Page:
Purdue Pharma logo

FILE - In this Tuesday, May 8, 2007, file photo, a Purdue Pharma logo is affixed to part of a Purdue building in Stamford, Conn.

Credit: (AP Photo/Douglas Healey, File)

Georgia will receive $16,790,458.14 from the first multi-state opioid settlement to result in substantial payment to address the epidemic, Attorney General Chris Carr said Thursday.

The money will help the state meet the needs of those suffering with opioid use disorder.

“This settlement holds McKinsey responsible for the critical role its deceptive marketing strategies played in the opioid crisis, and we intend for this settlement to be used for rehabilitation, recovery and assistance for those most impacted across our state,” Carr said in a statement.


Carr joined a coalition of attorneys general from 47 states, the District of Columbia and five U.S. territories in the $573 million settlement with one of the world’s largest consulting firms, McKinsey & Company, resolving investigations into the company’s role in working for opioid companies, such as Purdue Pharma.

A hand on a pill bottle for oxycontin

FILE - In this Aug. 17, 2018, file photo, family and friends who have lost loved ones to OxyContin and opioid overdoses leave pill bottles in protest outside the headquarters of Purdue Pharma.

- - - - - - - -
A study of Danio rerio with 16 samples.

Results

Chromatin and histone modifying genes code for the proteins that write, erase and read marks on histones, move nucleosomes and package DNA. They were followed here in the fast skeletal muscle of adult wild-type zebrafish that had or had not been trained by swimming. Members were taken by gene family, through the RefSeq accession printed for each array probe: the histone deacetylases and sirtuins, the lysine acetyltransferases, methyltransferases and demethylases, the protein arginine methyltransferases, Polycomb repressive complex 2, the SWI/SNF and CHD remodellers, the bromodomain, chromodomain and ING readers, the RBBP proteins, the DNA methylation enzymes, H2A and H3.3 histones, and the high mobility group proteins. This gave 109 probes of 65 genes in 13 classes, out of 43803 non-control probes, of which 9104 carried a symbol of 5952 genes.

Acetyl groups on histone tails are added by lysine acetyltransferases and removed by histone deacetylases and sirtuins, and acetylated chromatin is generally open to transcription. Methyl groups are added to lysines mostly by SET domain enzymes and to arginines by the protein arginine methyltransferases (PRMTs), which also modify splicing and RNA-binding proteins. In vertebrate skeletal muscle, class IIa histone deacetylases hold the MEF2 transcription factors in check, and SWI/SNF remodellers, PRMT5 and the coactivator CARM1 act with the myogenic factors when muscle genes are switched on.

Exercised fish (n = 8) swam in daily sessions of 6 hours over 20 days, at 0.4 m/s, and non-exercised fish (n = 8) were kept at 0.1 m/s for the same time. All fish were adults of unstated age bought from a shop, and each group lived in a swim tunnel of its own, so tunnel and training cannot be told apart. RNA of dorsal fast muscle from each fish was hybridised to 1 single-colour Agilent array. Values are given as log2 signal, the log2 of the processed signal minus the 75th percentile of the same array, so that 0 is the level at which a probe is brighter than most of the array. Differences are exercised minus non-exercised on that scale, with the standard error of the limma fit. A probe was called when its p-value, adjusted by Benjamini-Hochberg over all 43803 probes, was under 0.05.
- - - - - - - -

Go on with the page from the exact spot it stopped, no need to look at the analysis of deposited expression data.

Credit: AP Photo/Jessica Hill, File

The complaint, filed with the settlement, details how McKinsey advised Purdue on how to maximize profits from its opioid products, including targeting high-volume opioid prescribers, using specific messaging to get physicians to prescribe more OxyContin to more patients, and circumventing pharmacy restrictions to deliver high-dose prescriptions.

Over the past two decades, more than 9,500 Georgians have died from an opioid overdose. From June 2019 through May 2020, there were more than 81,000 drug overdose deaths in the United States, the highest number ever in a 12-month period, according to recent data from the Centers for Disease Control and Prevention.

"On an economic level, these deaths — and the impacts on Georgians who have struggled with opioid addiction — have created considerable costs to Georgia in the form of health care, child welfare, criminal justice, and many other programs needed to lessen the epidemic," Carr's statement said. "It has also resulted in lost economic opportunity and productivity. On the social level, opioid addiction, abuse, and overdose deaths have torn families apart, damaged relationships, and eroded the social fabric of communities."